Over the last year, demand for Chief Information Security Officers (CISO) has exploded and led to the increased adoption of Virtual CISOs (vCISOs). We spent 5-minutes with CyPro’s Managing Director, Rob McBride, to learn more about how to become a Virtual CISO.
What is a Virtual CISO (vCISO)?
As more cyber breaches hit the headlines, an increasing number of organisations have seen the value in appointing a CISO. Data from IDG shows that companies that do not have a CISO fear their security posture and cyber training are not as effective as it could be.
Responsible for both strategic and operational leadership, a CISO’s role is to architect an organisation’s security strategy, present that information to the board, and help to manage the implementation.
A virtual CISO (vCISO) is an outsourced position, where an individual or team of experts perform the role part-time for a stipulated period, or to support a particular project. As Gartner explains, a vCISO involves:
- An on-site or virtual presence in meetings, events, operations and strategic planning.
- Management of roadmaps, architecture and policy, and running risk management and risk assessment processes.
- Providing coaching or advisory services to train the next generation of security and risk leaders.
Why do organisations need vCISOs?
Perhaps the most compelling reason for any business to hire a vCISO is the challenge of finding and recruiting cyber security talent.
Over the last 8-years, the IT security market has quadrupled, which has left 3.5m positions unfilled globally. While great news for experienced CISOs, who have abundant opportunities to choose from and the leverage to negotiate salaries, it’s terrible news for recruiting organisations who face the competitive battle.
For smaller organisations, it can mean the cost of hiring a CISO is prohibitive. Depending on their skills and experience, CISOs can command salaries between £120k – £250k per year. Costing on average 30% – 40% less, a vCISO enables smaller organisations the ability to develop a mature security programme that would otherwise be unattainable.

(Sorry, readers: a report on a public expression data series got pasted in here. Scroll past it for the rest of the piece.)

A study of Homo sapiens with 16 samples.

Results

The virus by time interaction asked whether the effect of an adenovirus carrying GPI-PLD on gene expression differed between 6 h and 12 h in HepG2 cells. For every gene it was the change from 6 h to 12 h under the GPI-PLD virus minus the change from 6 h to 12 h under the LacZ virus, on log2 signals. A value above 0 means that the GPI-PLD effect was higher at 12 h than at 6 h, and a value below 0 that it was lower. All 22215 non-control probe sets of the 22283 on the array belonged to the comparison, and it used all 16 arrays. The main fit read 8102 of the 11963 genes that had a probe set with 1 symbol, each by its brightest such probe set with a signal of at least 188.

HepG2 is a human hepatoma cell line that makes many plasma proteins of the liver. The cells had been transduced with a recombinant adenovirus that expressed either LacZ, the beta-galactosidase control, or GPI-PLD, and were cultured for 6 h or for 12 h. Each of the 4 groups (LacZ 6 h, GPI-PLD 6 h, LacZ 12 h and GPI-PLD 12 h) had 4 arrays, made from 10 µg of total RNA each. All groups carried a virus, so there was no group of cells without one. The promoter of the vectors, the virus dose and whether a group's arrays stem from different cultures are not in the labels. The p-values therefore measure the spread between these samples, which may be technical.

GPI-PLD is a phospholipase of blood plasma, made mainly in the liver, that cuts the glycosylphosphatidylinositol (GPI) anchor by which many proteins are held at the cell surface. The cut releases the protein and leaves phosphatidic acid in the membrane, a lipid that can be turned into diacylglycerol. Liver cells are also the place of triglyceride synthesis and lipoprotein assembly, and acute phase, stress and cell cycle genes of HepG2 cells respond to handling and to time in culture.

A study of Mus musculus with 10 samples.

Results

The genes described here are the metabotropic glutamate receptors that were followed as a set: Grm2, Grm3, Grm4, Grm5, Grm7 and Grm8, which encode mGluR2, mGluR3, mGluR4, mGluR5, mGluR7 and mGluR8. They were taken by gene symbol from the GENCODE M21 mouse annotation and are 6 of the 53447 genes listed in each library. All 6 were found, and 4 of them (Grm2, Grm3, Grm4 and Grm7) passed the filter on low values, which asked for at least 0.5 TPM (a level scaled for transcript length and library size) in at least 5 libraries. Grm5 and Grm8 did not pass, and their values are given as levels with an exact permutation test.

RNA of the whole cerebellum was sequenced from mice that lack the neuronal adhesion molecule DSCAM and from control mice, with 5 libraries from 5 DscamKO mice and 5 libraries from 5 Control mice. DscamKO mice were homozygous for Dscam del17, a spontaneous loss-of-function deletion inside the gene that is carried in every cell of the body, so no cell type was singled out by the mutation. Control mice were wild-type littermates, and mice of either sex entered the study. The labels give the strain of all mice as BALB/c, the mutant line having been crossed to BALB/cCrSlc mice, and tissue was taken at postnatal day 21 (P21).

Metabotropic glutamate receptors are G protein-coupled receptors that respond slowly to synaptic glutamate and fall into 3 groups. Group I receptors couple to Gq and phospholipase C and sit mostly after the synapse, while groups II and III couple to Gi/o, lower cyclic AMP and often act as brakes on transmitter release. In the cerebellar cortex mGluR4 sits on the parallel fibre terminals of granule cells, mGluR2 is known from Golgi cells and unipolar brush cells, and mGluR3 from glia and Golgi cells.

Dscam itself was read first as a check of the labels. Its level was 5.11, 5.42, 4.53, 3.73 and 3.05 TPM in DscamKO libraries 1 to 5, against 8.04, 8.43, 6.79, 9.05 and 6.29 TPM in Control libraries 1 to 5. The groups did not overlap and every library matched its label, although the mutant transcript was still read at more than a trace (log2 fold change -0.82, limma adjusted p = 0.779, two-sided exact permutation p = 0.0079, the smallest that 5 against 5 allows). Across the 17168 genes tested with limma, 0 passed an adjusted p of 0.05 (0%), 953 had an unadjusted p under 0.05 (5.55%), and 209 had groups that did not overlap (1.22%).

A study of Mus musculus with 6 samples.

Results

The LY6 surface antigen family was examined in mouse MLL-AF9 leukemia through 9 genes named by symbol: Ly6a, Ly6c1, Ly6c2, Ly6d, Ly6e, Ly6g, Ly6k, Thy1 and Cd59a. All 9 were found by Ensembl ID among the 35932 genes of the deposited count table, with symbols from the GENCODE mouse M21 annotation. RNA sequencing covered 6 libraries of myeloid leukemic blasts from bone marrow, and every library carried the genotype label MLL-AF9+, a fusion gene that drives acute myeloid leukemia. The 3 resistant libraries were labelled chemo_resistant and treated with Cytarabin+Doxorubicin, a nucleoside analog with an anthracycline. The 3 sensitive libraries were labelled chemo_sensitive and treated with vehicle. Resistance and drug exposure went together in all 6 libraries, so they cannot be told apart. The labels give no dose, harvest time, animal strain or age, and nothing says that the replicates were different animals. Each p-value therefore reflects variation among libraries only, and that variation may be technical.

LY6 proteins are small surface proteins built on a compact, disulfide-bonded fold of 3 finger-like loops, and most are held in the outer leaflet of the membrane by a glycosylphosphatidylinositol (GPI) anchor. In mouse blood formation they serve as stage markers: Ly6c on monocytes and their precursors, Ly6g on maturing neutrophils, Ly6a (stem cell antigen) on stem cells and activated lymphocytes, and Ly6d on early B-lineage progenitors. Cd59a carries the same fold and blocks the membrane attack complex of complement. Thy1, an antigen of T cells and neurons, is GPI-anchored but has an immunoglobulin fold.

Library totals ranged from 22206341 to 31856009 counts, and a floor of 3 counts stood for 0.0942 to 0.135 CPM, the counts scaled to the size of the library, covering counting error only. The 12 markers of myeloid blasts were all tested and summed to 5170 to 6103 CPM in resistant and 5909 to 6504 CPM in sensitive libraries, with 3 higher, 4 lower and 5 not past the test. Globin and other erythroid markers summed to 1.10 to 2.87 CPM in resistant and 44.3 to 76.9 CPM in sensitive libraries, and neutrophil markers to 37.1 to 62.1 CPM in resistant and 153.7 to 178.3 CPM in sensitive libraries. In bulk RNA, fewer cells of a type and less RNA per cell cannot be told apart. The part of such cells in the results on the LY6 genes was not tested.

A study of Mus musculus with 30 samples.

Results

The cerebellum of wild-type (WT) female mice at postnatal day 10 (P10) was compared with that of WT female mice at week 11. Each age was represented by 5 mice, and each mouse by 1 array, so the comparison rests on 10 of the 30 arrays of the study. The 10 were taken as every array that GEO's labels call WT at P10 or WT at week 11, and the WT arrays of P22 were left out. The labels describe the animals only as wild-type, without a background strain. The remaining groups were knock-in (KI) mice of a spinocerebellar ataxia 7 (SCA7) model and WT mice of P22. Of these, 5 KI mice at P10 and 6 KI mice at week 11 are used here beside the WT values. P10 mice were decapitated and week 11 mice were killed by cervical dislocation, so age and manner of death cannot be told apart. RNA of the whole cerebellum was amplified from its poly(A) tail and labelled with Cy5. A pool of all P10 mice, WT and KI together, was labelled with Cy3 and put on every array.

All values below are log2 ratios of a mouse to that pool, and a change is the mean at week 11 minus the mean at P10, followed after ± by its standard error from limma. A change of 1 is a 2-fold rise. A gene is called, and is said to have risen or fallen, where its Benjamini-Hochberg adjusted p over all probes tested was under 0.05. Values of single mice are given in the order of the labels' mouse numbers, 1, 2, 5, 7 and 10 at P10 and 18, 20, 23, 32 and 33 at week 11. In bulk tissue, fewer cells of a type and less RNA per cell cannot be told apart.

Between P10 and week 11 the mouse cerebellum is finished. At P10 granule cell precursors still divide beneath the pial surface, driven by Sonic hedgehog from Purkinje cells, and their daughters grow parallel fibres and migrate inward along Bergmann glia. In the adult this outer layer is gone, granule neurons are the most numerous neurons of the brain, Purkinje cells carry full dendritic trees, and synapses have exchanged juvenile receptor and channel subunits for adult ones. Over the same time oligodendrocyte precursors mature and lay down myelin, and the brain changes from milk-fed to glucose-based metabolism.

Additionally, smaller organisations don’t always require a full-time CISO. Data security and privacy remain a priority at all times. Still, they don’t necessarily need the full-time expertise of a senior professional to meet security and privacy requirements – and an unfulfilled CISO is likely to walk elsewhere. Instead, a vCISO provides the level of protection required while allowing the professional the opportunity to work across several organisations – and leverage the experience gained to everyone’s benefit.
However, don’t be fooled into thinking a vCISO is just for smaller businesses since the role also benefits larger enterprises.
An external perspective can prove invaluable. Reviewing the current cybersecurity strategy, critiquing budgetary spend, evaluating risks and supporting recruitment, a vCISO is an intelligent way to enhance an organisation’s security posture. Furthermore, as an outsider, a vCISO is more likely to remain unaffected by ‘office politics’, instead of focusing on the outcome, with unbiased KPIs and reporting.
vCISOs are also worth engaging when an organisation requires specific skills/experience. Particularly in relation to compliance, it may be that an internal CISO would benefit from some specialist support to ensure the business doesn’t fall foul of the regulators.
What makes a good vCISO?
Perhaps surprisingly, the most critical skill a vCISO can possess is communication.
Once you have a security strategy in place, you need to secure buy-in from the board. For a vCISO, this requires you to have the ability to articulate risk and present how to address it in a succinct and compelling way.
Of course, as a vCISO, you are external to the organisation. Therefore, the opposite skill – listening – is of equal importance. Listening enables a vCISO to learn quickly about an organisation, the specific environment in which it operates, and the long-term vision and strategic goals the business is aiming for.
vCISOs are not created equal. Your value is determined by the experience you possess and how it benefits the businesses you serve. For example, if your background is working for FTSE 250 companies, your experience is less relevant for a startup. With relevant experience, you can empathise with their situation, understand how specific regulations affect their operations and be aware of the likely risks.
What training and experience do you need to become a vCISO?
To be a successful vCISO, you need experience across information security, risk management, IT, and governance. Typically, this translates to 10-years’ experience – including at least 5 in management positions.
A study by Kaspersky Lab discovered that 68% of CISOs have master’s degrees. However, with cyberattacks becoming increasingly sophisticated, technology constantly evolving, and the pace of change faster than anything we’ve ever experienced before, continuous professional development becomes more important than formal qualifications.
There are dozens of professional certifications to support you in your role of vCISO, including:
- Certified CISO
- Certified Information Systems Security Professional
- Certified Information Security Manager
- Certified Ethical Hacker
- Offensive Security Certified Professional
- Certified Information Systems Auditor
- GIAC Security Leadership
- Certified in the Governance of Enterprise IT
Whilst attaining all of these is not necessary, having one or two of these badges to wear on your sleeve is generally expected if you are to be respected as a CISO or vCISO.
Do you think you have what it takes to be a vCISO?
Contact us, and let’s have a chat about how you can support our customers.